Robert Richenburg (July 14, 1917 – October 10, 2006) was an Abstract Expressionist artist based in New York City, whose paintings were widely acclaimed in the 1950s and 1960s. Richenburg’s career as a painter followed training in his teens at the Boston Museum of Fine Arts, art history studies at George Washington University, courses at the Corcoran School of Art in Washington, D.C. and at the Art Students League in New York, and service in World War II as a combat engineer dealing with explosives, mines and booby traps. Within five years of his return to the States, Richenburg had studied with Amédée Ozenfant and Hans Hofmann, lived for a year in Provincetown, Massachusetts (where he then began spending summers), and joined The Club in New York.
In 1950, while still a student of Hans Hofmann, Richenburg exhibited at the Museum of Non-Objective Painting (later the Guggenheim). The following year was an inflection point in Richenburg’s career when Leo Castelli selected one of his works for the historic 9th Street Exhibition, and he began a long-term teaching position at Pratt Institute. His colleagues at Pratt included Franz Kline, Adolph Gottlieb, Jack Tworkov, Philip Guston, Milton Resnick and Tony Smith. By 1961, critic Irving Sandler declared that “Richenburg emerges as one of the most forceful painters on the New York Art Scene.” Thus began a career in which Richenburg’s paintings were widely exhibited and reviewed, and purchased by major collectors (e.g., Walter Chrysler, Joseph Hirshhorn) and museums (e.g., the Whitney Museum of American Art, the Museum of Modern Art).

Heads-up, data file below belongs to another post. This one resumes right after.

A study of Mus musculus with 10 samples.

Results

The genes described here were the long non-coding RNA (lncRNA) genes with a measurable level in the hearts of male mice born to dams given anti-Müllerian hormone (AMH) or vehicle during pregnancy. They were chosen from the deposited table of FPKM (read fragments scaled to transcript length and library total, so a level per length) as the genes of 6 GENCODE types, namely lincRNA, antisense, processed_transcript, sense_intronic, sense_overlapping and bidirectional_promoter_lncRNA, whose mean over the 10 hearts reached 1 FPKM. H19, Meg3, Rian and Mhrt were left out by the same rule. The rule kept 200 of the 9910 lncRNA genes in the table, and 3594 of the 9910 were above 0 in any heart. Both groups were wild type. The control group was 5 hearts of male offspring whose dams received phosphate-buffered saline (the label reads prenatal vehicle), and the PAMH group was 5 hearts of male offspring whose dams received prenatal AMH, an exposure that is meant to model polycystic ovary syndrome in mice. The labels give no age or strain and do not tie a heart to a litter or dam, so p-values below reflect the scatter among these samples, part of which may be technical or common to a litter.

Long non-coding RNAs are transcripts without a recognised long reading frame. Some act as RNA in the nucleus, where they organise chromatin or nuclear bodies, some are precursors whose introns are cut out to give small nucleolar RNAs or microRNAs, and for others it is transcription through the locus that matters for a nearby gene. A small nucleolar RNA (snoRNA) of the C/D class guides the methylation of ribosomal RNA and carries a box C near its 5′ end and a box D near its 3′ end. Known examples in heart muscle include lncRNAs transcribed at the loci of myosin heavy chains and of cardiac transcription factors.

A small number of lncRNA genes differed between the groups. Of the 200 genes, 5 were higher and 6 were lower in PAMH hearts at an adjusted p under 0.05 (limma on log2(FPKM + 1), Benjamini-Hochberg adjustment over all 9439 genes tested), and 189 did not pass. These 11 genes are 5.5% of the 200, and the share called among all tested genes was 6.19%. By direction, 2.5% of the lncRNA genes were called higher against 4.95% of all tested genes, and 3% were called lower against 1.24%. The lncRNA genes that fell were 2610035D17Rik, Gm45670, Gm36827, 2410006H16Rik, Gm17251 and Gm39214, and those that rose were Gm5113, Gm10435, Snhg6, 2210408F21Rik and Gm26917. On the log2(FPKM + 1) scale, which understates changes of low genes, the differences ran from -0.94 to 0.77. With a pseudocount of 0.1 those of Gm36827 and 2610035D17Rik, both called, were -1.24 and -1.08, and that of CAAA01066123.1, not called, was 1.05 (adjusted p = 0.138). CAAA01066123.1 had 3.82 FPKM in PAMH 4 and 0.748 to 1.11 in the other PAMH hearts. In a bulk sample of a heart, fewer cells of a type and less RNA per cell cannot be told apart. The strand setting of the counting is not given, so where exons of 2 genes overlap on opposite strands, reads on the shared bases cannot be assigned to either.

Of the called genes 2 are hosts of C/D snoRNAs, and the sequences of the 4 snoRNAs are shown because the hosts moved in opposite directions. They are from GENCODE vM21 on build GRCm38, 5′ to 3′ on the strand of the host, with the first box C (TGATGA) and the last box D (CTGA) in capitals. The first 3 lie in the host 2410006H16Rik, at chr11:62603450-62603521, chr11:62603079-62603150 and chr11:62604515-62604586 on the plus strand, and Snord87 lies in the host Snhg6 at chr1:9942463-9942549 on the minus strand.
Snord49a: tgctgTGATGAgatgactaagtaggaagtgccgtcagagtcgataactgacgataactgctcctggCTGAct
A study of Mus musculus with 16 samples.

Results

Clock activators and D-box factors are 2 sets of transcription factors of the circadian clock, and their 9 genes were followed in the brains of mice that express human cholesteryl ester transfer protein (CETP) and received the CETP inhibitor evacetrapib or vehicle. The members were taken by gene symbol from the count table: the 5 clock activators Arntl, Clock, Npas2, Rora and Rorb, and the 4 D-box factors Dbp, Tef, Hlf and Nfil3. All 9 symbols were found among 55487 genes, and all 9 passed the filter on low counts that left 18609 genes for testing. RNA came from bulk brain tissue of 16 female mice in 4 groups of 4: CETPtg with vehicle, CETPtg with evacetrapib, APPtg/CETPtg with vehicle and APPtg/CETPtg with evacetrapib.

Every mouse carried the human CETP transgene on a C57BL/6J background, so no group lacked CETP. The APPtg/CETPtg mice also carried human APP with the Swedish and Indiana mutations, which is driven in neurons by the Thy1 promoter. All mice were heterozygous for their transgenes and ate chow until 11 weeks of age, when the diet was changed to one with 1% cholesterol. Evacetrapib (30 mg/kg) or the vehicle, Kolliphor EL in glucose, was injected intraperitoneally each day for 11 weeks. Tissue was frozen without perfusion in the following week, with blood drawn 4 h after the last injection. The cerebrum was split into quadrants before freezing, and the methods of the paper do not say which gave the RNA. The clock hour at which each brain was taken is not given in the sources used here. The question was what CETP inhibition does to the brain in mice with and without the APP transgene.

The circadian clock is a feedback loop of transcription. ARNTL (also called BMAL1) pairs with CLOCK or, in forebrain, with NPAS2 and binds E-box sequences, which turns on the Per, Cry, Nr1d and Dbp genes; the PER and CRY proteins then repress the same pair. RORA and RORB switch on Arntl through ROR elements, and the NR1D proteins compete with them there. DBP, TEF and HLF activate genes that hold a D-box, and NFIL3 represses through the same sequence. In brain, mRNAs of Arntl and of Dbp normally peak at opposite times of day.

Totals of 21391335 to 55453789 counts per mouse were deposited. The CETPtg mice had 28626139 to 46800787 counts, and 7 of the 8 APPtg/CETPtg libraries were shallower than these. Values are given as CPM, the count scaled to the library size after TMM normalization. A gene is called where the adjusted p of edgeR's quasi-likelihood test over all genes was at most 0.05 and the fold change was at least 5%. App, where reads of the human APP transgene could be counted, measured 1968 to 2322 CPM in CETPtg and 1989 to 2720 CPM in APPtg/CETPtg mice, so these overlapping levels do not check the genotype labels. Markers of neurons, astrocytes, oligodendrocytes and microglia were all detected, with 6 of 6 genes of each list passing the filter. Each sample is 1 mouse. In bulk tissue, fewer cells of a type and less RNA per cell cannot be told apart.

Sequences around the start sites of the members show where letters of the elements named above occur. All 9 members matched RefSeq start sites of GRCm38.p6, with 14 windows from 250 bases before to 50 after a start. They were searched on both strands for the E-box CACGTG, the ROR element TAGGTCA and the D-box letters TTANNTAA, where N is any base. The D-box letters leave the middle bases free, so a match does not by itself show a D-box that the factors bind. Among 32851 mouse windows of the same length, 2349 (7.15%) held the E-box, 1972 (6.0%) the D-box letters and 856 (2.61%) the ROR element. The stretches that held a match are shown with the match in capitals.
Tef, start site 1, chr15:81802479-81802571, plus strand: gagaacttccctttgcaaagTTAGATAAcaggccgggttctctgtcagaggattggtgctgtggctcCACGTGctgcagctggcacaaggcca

Robert Richenburg was an artist whose creativity was central to his very being, and he had strong opinions about what it meant to be an artist. Some of his aphorisms included “to paint a painting is to kill a thought” and “to think while painting is a form of degradation.” Ultimately Richenburg’s fealty to the creative process would push him away from Pratt when he was pressured to resign for not restricting a pupil’s expression in their art. In a 2016 interview with the Brooklyn Rail, that very artist, Mierle Laderman Ukeles, would recognize Richenburg’s insistence on creative fidelity as one of her most formative moments as an artist.
Findlay Galleries has been the exclusive representative of the Richenburg estate since 2001 and we are honored to continue to explore and document his artistic achievements.